Commentary: You'll find this problem pretty easy to fix.

The Nintendo Switch launches March 3 for US $300.

The Nintendo Switch may have the worst battery life of any Nintendo handheld game system ever made. But I don't think you'll care.

And I'm not a battery life apologist or anything.

GIF by Sean Hollister/CNET

When Nintendo introduced the DS, I couldn't understand why I had to give up my 30 hours of Game Boy Advance battery life for maybe 15 hours on a charge. When Nintendo introduced the 3DS, I was angry -- and willing to bet nobody would buy a portable game system that lasted a pitiful 3-5 hours before giving up the ghost.

(I didn't just "get over it" when I tried them, either. I wound up waiting to buy Nintendo's later, better models with longer battery life, and I still got annoyed about dead batteries from time to time.)

So you can imagine how I might feel about the Switch, which Nintendo quotes at just 2.5 to 6.5 hours on a charge, depending on the game. (You can expect three hours of Zelda at a time.)

But the Nintendo Switch has one crucially important thing that no Nintendo portable has ever had -- a USB port for charging.


This changes everything, or will when USB Type-C becomes more commonplace. I'll never have to carry around a proprietary power adapter to charge a Nintendo Switch, because the standard charge cable that comes with any new phone, tablet or laptop will work with my game console too. Like today's micro-USB cables, people will just have them lying around -- unlike the USB to Nintendo DS converter cable I bought years ago and promptly lost.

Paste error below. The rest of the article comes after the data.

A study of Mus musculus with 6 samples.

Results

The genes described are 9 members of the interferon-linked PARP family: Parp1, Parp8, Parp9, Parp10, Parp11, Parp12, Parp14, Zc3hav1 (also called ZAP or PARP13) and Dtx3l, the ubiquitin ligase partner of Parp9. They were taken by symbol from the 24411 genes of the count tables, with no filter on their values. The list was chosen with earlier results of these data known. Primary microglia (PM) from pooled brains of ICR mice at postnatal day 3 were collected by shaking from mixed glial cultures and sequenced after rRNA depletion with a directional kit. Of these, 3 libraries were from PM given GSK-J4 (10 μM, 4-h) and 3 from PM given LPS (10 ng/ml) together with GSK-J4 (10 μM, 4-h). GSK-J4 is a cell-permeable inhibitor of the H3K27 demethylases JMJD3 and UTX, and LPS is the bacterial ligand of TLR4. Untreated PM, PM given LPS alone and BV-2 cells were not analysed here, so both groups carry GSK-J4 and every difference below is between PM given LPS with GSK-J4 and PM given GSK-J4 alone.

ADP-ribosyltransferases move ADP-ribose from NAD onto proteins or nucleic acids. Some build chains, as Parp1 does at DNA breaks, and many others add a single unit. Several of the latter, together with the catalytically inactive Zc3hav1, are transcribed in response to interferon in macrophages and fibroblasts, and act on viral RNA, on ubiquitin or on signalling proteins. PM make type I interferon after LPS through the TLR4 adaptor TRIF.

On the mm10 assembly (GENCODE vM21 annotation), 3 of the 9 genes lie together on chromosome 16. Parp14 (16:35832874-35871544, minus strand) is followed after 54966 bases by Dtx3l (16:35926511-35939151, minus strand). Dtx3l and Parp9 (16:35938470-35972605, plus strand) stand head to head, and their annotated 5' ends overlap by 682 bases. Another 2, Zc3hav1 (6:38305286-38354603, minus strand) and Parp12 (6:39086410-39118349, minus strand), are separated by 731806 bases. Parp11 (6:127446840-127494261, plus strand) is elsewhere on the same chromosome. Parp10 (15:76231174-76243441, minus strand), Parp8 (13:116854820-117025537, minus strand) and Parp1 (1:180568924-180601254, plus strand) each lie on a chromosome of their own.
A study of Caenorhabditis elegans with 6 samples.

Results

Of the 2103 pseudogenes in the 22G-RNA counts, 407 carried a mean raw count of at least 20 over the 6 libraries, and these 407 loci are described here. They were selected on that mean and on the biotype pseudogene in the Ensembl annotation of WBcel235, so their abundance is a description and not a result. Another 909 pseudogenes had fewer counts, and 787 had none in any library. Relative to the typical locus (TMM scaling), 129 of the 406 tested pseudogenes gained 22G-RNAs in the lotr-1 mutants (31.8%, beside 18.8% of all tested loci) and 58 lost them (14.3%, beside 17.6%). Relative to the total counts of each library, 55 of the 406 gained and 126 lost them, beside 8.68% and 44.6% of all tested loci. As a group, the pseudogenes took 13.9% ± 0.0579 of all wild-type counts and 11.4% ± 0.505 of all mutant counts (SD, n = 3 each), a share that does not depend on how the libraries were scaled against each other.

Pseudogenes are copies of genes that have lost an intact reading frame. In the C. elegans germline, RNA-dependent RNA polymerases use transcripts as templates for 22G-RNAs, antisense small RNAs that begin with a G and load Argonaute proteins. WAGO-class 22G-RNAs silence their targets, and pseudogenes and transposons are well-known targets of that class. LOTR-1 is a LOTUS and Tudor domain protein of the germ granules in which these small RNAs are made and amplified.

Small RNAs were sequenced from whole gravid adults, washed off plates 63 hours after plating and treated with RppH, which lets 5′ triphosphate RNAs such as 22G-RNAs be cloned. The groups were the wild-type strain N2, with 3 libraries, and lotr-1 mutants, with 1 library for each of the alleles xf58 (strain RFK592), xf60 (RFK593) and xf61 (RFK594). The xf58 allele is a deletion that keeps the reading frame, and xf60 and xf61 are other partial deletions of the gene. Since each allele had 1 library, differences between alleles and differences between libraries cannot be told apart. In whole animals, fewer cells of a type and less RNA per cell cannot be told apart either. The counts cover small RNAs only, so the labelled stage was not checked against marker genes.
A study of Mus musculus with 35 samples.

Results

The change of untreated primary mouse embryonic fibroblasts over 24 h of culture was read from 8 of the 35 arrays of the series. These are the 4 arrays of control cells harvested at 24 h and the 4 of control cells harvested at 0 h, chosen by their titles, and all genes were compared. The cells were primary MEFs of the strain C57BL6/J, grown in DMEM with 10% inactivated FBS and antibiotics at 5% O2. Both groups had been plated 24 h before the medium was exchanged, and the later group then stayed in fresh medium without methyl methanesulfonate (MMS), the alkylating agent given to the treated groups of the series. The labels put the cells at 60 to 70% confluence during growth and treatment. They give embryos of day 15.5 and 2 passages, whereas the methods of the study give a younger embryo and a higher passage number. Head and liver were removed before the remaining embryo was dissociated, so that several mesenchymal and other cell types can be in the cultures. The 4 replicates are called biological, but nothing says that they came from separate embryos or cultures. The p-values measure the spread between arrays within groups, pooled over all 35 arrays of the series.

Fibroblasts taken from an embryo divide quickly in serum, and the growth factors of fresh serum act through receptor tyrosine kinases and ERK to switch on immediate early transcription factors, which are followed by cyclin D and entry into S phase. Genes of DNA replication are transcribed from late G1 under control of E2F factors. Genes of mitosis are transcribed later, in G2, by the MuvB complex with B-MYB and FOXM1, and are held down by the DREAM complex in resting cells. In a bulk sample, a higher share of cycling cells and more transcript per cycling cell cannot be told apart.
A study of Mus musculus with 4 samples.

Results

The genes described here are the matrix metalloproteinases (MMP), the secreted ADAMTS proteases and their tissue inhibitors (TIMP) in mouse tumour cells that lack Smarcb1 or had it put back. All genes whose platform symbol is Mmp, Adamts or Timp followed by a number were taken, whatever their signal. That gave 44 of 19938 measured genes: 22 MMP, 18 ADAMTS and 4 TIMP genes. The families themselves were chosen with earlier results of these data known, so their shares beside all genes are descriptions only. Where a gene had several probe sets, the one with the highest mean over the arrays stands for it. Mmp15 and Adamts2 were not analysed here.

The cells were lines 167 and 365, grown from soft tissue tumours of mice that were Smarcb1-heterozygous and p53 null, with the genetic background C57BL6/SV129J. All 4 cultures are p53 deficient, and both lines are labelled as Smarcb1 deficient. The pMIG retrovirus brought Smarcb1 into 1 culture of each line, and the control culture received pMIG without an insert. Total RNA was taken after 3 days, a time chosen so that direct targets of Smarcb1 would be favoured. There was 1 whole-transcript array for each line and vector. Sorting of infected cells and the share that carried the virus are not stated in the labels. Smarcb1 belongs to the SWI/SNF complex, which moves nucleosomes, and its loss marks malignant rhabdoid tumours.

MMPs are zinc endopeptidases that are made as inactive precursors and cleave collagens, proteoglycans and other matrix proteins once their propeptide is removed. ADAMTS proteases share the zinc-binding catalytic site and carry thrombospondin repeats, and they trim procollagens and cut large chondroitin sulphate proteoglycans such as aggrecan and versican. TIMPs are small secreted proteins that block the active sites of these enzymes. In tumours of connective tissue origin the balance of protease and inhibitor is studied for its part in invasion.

Heck, I won't even need to find a USB charging port, because I'll be able to carry around a standard USB external battery pack, one that'll be dirt-cheap because there's so much competition.

And that's all without considering where the Nintendo Switch will generally live: In its own docking station, connected to my TV, constantly charging the battery while it doubles as my full-size game console.

The Nintendo Switch will be the first portable game system that's always ready to go, the one I'll never forget to charge and the easiest one to charge anywhere I go. Unless you count my phone.

Or unless the whole thing winds up under my couch, like the Wii. Battery or no, gadgets do tend to die when you stop plugging them in at all.

Update, January 17: Here's one wrinkle, though.

Update, March 10: You also may need a very specific battery to charge and play at the same time.